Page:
Testing Online in the Era of Social Distancing

By Susan Sportsman, PhD, RN, ANEF, FAAN

Most of us have been coping, both personally and professionally, with the results of social distancing as a result of the COVID-19 pandemic. While we would like life to return to “normal,” we also worry about the health impact of returning to our “face-to-face” lives.  Equally important, when this crisis passes, what will the new normal look like?

As we live through these uncertain times, I think it is instructive to think about what we have learned during this time of online teaching and learning, and what steps we should take moving forward. In general, I believe nursing faculty have learned that teaching-learning from afar is possible. I have been impressed with the stories from nursing faculty around the country about creative approaches they have used to supplement or replace clinical experiences and ways they have engaged students in online classroom activities, even in these stressful times. Despite these potentially positive results in teaching-learning, we must also be concerned about the effectiveness of our evaluation of student competencies. Has this online environment been sufficient to prepare students for the NCLEX examination and future practice?

Our obligations to evaluate our students’ performance requires us to consider how valid our online evaluation methods are. Realistically, even when colleges and universities open their doors to on-ground classes, social distancing will likely require students to remain six feet apart, even in a classroom.  In addition, many programs at all levels will continue to be primarily or completely online. Online instruction—and evaluation—is not going away. In fact, it may well become important in all our lives.

Online Testing

Throughout the country, nursing faculty (as well as other disciplines) express concern about the validity of online evaluation. Repeatedly, we hear faculty say, “How can we prevent (or reduce) cheating?  Can we keep our tests safe when they are online?”  Examples of best practices to reduce the potential for cheating on online tests include:

    • Establish a culture of academic honesty within your program. This includes developing and emphasizing an academic honesty policy through frequent discussions about its importance throughout the course.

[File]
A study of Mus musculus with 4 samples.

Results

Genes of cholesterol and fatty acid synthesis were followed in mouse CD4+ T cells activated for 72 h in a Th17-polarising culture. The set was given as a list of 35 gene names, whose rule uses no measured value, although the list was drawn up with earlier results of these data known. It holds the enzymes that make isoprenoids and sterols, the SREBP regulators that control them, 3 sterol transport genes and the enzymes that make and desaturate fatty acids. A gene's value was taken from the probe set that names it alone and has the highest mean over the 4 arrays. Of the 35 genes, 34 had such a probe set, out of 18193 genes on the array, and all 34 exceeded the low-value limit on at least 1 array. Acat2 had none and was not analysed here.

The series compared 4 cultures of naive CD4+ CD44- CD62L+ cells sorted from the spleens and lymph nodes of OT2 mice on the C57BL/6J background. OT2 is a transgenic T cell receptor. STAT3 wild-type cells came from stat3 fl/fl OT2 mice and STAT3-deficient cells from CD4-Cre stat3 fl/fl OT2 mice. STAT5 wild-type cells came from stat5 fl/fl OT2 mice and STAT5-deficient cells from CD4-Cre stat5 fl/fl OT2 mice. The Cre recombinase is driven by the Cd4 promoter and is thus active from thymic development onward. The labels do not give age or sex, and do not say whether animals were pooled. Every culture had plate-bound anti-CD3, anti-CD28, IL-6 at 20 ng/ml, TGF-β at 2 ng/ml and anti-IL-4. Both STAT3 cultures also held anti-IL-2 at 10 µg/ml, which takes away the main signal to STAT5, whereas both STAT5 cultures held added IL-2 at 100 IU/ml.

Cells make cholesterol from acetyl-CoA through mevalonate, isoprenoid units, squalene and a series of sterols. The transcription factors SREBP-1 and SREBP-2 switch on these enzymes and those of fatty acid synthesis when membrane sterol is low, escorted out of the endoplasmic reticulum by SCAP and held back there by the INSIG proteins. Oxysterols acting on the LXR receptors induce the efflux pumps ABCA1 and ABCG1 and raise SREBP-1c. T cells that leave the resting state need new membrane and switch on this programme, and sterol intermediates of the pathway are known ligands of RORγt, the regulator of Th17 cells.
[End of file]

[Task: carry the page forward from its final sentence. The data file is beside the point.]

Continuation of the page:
• Design test questions that require students to use application or analysis to address a relevant problem.
    • Change exam questions regularly.

If your testing software allows:

    • Randomize questions and answer to questions.
    • Allow only one question on the screen at one time. This makes it more difficult for students to take screen shots to share with their classmates.
    • Limit the types of feedback that are given to students after completing the test. Providing test scores is an important learning experience for students and should be made available at the completion of students’ test experience. However, through a process of elimination, students may be able to determine the correct answer for each test question if their submitted answers are identified as incorrect, or if the correct answer is provided. A George Washington School of Medicine and Health Sciences online document suggests that test-takers typically take approximately 45 seconds per question to answer the question if they know the material. While nursing questions are likely to require more time (historically, the NCLEX exam estimates that each question should take 1 minute to answer), the point remains the same. Students should not be given enough time to be searching for answers in other venues if they don’t know the answer(s) to the question.

Plan for the Future

Nursing faculty have some special challenges during this time of change. The Next Generation NCLEX initiative, designed to more specifically measure the clinical judgment of the graduating nurse by using case studies to mimic the kinds of critical decisions nurses make in a variety of health care settings, is scheduled to be completely implemented before 2023. In this new approach, test items require the test-taker to identify and analyze important cues, prioritize hypotheses, generate solutions, take actions, and evaluate those actions, all in the context of a particular clinical scenario. These questions focus on interactions between nurse and client, client’s needs and expected outcomes. Nursing faculty must prepare for these changes while they are also dealing with the results of online evaluation.

Test development and analysis of student results has always been challenging for educators. The current era of social distancing makes this faculty competency even more difficult. We will continue to focus on these concerns as we all move toward whatever the future brings.

In the meantime, stay safe.

References

Currier, J. (2019) NGN Talks:  Clinical Judgment Model Video Transcript.  National Council of State Board of Nursing.  https://www.ncsbn.org/Transcript_NGNTalk_Episode06.pdf.  Accessed, May, 2020.

________ (2020) Guidelines to reduce the risk of Cheating in Online Examinations.  George Washington University School of Medicine and Health Sciences. (https://smhs.gwu.edu/impact/sites/impact/files/Firmani_OCEPs.pdf)  Accessed, May, 2020.